FOR IMMEDIATE RELEASE - December 2, 2022



LOS ANGELES, CA – The Japanese American National Museum (JANM) has received $327,974 for Preserving America’s Community Treasures (PACT): The Toyo Miyatake Collection and $175,903 for Eating Together: Food in Japanese America, two grants from the Japanese American Confinement Sites (JACS) Grant Program. 

The $327,974 JACS grant for Preserving America’s Community Treasures (PACT): The Toyo Miyatake Collection will support the collaboration between JANM and Toyo Miyatake Studio to evaluate, curate, digitize, catalog, and present the Toyo Miyatake Photographic Collection on the Museum’s website as a digital collection. With this grant, JANM will help reveal how wartime incarceration completely upended the lives of Japanese Americans. The digital collection is slated to be available online in 2025.

Eating Together: Food in Japanese America will be an experiential exhibition that focuses on what food was like in Japanese American incarceration facilities during World War II. Through photographs, artifacts, multimedia, and interviews with the Sansei, this exhibition will investigate how incarcerees remembered their food experiences, how Issei and Nisei transmitted their knowledge and memories of food to younger generations, and how wartime incarceration shaped the way food was consumed and understood postwar. JANM will also work with community partners to create public programs exploring Japanese American food culture, including during the wartime incarceration.The exhibition is slated to open in 2024.

“We are so grateful for the opportunities these grants have given us to uncover these diverse stories and highlight the many significant ways Japanese Americans have impacted and shaped this nation’s culture and histories. With this generous support, JANM will provide a unique perspective on Japanese American food before, during, and after World War II; and present snapshots of life at Manzanar that have never been seen by the public. These exhibitions engage the public in new ways and continue to deepen our understanding of how World War II incarceration and the broader Japanese American experience continues to influence and impact us today,” said Ann Burroughs, President and CEO.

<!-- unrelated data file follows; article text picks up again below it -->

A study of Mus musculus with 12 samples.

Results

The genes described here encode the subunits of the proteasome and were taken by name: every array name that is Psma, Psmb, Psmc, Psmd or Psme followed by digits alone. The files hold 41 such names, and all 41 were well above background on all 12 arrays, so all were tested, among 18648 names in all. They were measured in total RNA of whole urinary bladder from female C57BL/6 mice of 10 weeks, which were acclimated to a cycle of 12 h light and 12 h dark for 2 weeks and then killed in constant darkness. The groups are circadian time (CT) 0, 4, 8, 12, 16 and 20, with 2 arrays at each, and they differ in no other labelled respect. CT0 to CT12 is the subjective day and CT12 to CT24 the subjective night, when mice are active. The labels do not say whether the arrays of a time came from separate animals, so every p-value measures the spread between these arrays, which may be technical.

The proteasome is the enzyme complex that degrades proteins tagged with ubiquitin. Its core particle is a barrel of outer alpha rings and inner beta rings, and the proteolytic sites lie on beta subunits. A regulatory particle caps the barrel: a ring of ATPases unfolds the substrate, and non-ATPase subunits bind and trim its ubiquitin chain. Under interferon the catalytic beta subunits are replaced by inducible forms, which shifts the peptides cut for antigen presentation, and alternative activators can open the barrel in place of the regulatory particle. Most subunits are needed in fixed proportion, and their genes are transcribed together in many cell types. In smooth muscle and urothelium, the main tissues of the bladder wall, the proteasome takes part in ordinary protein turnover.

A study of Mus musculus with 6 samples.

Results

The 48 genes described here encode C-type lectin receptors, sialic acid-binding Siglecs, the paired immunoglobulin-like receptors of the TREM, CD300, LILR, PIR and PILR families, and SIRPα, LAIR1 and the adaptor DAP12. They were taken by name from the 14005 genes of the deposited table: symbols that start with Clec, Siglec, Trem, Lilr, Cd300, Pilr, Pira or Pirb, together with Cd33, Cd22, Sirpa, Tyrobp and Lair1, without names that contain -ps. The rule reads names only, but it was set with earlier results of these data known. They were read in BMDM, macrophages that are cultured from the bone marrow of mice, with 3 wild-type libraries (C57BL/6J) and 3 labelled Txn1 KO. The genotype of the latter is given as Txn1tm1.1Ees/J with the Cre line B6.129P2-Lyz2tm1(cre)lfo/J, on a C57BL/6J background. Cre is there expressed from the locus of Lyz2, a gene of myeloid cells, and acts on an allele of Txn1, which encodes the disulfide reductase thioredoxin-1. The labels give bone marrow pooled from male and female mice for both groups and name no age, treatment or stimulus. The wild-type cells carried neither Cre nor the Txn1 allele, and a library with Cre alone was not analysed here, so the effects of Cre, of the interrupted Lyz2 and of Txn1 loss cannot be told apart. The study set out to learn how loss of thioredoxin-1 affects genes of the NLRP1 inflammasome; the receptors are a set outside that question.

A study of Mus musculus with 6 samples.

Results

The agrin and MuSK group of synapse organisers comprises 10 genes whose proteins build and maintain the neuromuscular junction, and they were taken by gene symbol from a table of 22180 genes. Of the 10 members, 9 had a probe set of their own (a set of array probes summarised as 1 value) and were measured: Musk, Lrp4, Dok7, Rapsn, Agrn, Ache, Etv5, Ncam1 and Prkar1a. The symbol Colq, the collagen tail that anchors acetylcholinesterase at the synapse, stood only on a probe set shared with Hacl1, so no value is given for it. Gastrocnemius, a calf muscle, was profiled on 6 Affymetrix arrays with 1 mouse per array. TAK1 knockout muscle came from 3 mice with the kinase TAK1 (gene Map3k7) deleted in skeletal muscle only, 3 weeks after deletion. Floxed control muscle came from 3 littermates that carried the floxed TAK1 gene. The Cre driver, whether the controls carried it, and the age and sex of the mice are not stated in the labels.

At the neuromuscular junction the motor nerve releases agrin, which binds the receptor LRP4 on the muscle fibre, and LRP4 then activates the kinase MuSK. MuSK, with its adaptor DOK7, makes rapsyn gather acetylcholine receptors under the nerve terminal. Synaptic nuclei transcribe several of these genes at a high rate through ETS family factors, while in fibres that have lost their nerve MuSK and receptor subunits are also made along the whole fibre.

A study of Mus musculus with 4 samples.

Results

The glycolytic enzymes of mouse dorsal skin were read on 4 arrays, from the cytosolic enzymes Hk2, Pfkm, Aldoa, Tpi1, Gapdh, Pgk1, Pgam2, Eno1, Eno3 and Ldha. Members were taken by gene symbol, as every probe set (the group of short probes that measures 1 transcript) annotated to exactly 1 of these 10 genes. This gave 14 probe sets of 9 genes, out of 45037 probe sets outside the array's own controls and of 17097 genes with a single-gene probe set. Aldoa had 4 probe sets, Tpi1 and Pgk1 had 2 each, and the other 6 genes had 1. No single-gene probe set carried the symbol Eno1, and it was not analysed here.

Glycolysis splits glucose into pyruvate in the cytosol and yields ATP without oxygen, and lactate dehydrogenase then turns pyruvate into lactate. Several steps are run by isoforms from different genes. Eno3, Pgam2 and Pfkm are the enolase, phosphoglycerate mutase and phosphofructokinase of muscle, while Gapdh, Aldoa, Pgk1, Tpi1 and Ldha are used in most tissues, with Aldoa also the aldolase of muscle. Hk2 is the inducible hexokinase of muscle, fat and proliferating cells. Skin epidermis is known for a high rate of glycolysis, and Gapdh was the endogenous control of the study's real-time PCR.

Established in 1985, JANM promotes understanding and appreciation of America’s ethnic and cultural diversity by sharing the Japanese American experience. Located in the historic Little Tokyo district of downtown Los Angeles, JANM is a hybrid institution that straddles traditional museum categories and strives to provide a voice for Japanese Americans as well as a forum that enables all people to explore their own heritage and culture. Since opening to the public in 1992, JANM has presented over 70 exhibitions onsite while traveling 17 exhibits to venues such as the Smithsonian Institution and the Ellis Island Museum in the United States, and to several leading cultural museums in Japan and South America. For more information, visit janm.org or follow us on social media @jamuseum.